Ottawa is expected to maintain its staunch support for Israel's government after Benjamin Netanyahu's Likud party won Tuesday's election, beating out Zionist Union rival Isaac Herzog.
Although exit polls on Tuesday initially suggested a possible two-way tie, Likud surged ahead in the final count to take 30 of the Knesset's 120 seats. The better-than-expected performance by Mr. Netanyahu's party means the incumbent leader will seek to form a coalition government in the coming weeks.
Mr. Netanyahu, whose relations with the Obama administration have frayed in recent months, can likely count Ottawa as a continued support.
Prime Minister Stephen Harper has cultivated a close relationship with Mr. Netanyahu in recent years, and refused at times to criticize the Israeli leader even when the United States and European countries issued their own rebukes over some of his policies.
Mr. Harper took to Twitter Wednesday morning to congratulate Mr. Netanyahu on the election results, saying Ottawa looks forward to working with the government once it's formed and that "Israel has no greater friend than [Canada]."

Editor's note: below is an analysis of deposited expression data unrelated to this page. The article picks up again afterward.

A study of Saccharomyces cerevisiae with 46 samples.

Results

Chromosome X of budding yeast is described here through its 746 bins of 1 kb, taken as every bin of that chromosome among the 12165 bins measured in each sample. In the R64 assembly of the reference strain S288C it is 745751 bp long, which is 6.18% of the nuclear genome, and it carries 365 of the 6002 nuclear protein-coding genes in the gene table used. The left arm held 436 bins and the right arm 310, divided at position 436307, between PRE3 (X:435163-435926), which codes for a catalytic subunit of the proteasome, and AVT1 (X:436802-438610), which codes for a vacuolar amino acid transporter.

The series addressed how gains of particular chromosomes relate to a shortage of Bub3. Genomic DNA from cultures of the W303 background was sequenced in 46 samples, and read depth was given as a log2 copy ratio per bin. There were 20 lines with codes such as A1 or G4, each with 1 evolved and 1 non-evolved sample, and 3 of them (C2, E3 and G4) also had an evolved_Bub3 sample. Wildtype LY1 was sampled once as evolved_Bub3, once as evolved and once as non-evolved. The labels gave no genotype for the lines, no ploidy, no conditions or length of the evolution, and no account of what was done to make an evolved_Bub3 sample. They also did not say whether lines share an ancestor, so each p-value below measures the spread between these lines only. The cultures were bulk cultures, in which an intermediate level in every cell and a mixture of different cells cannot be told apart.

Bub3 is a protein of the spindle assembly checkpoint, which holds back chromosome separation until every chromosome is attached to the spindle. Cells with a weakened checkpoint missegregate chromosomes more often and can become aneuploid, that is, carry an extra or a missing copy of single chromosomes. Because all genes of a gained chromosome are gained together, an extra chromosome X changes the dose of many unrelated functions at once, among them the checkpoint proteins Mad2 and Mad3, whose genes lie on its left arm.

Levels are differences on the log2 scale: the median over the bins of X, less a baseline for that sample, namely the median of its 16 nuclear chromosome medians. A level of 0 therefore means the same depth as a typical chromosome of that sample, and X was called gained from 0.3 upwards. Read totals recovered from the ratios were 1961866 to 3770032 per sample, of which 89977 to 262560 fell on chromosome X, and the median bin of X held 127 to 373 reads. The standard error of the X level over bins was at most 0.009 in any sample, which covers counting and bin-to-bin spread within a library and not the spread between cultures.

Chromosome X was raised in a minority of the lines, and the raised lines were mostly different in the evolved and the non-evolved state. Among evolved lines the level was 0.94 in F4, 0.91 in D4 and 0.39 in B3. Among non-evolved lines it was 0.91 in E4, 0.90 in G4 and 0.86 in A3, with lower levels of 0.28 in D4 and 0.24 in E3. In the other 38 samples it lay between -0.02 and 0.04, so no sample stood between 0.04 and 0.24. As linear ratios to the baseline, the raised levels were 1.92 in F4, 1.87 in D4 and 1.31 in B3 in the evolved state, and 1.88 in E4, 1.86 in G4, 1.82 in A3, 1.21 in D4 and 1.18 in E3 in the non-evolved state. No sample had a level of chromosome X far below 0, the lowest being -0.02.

Mira Sucharov, a political science professor at Carleton University and a blogger for the Israeli newspaper Haaretz, said on Tuesday that the two leaders have a close personal relationship, in part because they appear to share similar world views. But she and other experts said the ties between the two governments run far deeper than that personal connection alone.
"They see support for Israel in general as a compelling moral issue, a deep commitment that they have personally and have expressed collectively in the name of their government and in the name of the Canadian people," said Gil Troy, a professor of history at McGill University.
Shimon Fogel, chief executive officer for the Toronto-based Centre for Israel and Jewish Affairs, said there are also a number of links between the two countries that transcend politics, including in the business and academic sectors. "There are so many layers to the relationship that I think that it insulates it against any particular development on the political front," he said.
On Monday, Mr. Netanyahu suggested in an interview that he would not accept the formation of a Palestinian state as Israel's leader – a statement that contradicts Canadian policy promoting a two-state solution.
Prof. Sucharov said the comments are unlikely to have a significant effect on Mr. Netanyahu's relationship with the Canadian government.
"While the Harper government is publicly committed to a two-state solution as the best outcome, I think that they, like [Mr. Netanyahu], are more inclined to believe that there's no one to negotiate with and more inclined to be less trusting of the Palestinians," she said.